For a small side project to be shared with our Flatiron School classmates and some Flatiron School Presents Meetup guests, my partner Mitch and I decided to build an app that measures people’s narcissism levels via their Twitter feed. A linguistic analysis-baased social insights algorithm, if you will.
(meme taken from here – spoiler alert for celebrities' narcissism levels)
Much has been said and done and invested into when it comes to social media sentiment analysis in finance, with many financial institutions investing heavily in it. A cursory Google search offers up names of many start-ups involved in mining, mapping, analyzing, and plain having fun with Twitter. We figured that as tech professionals, working with social media and building a fun prototype for understanding the tools and the medium is a valuable experience.
Our original idea was parsing through people’s Instagram feed to see how many posted photos were selfies for a better narcissism indicator, but considering advanced facial recognizition technology needed and the fact it was meant to be a small side project executed while carrying on a full school work load, we have settled on the twitter-based project.
The Twitter gem made working with Twitter a breeze, although there were limitations for how many posts could be parsed through at once and of course the max number of timeout requests every minute.
We designed everything through the use of good ol' Rails New NarcissismProject. We had one user model that we worked with.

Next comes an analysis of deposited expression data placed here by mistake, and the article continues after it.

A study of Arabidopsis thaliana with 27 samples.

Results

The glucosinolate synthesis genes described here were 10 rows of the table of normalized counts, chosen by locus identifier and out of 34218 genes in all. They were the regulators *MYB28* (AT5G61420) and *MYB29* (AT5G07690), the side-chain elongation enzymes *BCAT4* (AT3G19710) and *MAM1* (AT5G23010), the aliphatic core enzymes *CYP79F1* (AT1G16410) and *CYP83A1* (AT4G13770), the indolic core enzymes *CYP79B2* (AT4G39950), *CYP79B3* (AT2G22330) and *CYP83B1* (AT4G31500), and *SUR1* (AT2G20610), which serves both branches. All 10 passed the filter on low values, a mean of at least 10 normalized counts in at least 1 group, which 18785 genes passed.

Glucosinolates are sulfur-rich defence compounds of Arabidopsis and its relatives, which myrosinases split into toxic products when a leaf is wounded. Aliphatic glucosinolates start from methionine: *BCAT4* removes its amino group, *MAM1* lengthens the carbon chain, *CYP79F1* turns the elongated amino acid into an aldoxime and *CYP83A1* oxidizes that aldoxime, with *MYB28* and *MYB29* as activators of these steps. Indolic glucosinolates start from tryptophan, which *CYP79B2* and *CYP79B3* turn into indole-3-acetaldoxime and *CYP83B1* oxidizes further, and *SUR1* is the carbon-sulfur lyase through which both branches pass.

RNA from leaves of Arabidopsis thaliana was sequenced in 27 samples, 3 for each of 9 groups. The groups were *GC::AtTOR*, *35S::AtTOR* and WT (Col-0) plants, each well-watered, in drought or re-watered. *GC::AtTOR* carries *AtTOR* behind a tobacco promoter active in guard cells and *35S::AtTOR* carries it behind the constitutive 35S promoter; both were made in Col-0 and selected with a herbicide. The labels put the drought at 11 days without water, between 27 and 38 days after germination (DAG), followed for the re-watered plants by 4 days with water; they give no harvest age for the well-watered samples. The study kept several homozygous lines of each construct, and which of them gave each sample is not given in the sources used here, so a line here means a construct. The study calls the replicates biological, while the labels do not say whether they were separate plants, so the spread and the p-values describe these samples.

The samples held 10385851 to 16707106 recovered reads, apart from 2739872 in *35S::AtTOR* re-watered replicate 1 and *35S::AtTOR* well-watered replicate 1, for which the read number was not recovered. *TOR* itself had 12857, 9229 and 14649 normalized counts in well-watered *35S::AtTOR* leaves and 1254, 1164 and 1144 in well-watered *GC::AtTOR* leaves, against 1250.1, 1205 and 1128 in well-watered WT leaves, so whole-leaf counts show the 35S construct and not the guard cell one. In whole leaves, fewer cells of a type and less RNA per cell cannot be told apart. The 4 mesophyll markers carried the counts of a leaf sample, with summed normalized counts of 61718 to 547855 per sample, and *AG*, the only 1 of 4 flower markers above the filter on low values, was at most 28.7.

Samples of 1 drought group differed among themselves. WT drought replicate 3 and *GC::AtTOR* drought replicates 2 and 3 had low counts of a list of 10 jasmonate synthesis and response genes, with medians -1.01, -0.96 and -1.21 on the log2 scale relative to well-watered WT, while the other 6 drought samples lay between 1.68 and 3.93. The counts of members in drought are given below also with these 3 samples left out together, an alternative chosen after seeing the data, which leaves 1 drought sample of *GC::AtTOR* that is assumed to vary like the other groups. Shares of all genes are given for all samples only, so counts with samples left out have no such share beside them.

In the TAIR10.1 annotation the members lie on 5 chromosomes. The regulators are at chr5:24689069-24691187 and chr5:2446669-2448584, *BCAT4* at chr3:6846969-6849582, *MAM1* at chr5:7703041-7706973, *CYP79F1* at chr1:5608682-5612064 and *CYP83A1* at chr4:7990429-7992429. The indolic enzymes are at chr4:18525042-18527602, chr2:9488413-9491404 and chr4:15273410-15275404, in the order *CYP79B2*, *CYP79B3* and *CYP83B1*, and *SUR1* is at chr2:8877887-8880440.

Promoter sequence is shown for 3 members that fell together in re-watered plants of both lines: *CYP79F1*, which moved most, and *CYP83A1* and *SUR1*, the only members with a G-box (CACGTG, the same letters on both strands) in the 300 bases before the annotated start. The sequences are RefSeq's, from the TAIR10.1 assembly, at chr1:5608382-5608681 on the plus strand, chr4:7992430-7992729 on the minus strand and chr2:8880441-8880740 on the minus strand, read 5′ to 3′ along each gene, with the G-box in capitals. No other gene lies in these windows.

The front page invites a user to check how narcissistic the are by entering a twitter handle (which will work whether or not prefixed with an @ to make user’s life easier; we have also allowed for the first or last typed character to be blank space in case a user is very space-key-trigger-happy; other than that, the handle has to follow Twitter rules as ensured by a RegEx check):
Once a user enters a twitter handle, it parses their feed for key narcissism-related words that we have pre-determined in the app; it then checks it against a scale of celebrities. It then returns user’s score and their celebrity match (mine is Flatiron School’s very own Avi Flombaum)
We don’t share the celbrity scale on the app, as it is more fun for the user to discover it him/herself. To built it, we have parsed through the top 100 most-followed twitter accounts (most of which are individual celebrities) and some more and scored them. We then picked some representatives for each scale gradation, throwing in a few Flatiron School-related Easter Eggs, just for fun. If this was a commercial product, we would have to update the celebrity scale just in case some of them go into narcissism rehab or new self-loving celebrities merger.
Most of our findings were unsurprising: Dalai Lama and the Pope were at the very bottom (with Dalai Lama being slightly less narcissistic and thus representing no. 1 on our scale); Kanye West was 9 out of 10 (beat only by the likes of Lena Dunham); Mr. West was closely followed by Kim Kardashian in the 8th place. To me, this means that are simplistic prototype algorithm actually works!
I stopped to pondered if it is unethical to make fun of people’s narcissism levels, but considering the celeberities that came up on top and their interest in self-promotion, I figured out their high tankings it would be quite a compliment to them (I am really, really tempted to tweet Mr. West and ask him how he feels about being outdone by Ms Dunham).
What turned out to be incredibly fun was soliciting our friends' and classmates' twitter handles and checking their narcissism levels. A few were truly off-the-charts! (We even had to design more model logic for those cases) The top 10 narcissistic twitter handles are then saved separately and published on the Top 10 page – with many people I know outdoing our celebrities of choice. Uh oh.
A short demo video can be found here – YouTube link.
And here is a link to the Github repo.
I will update this post once the app actually goes live as is our goal.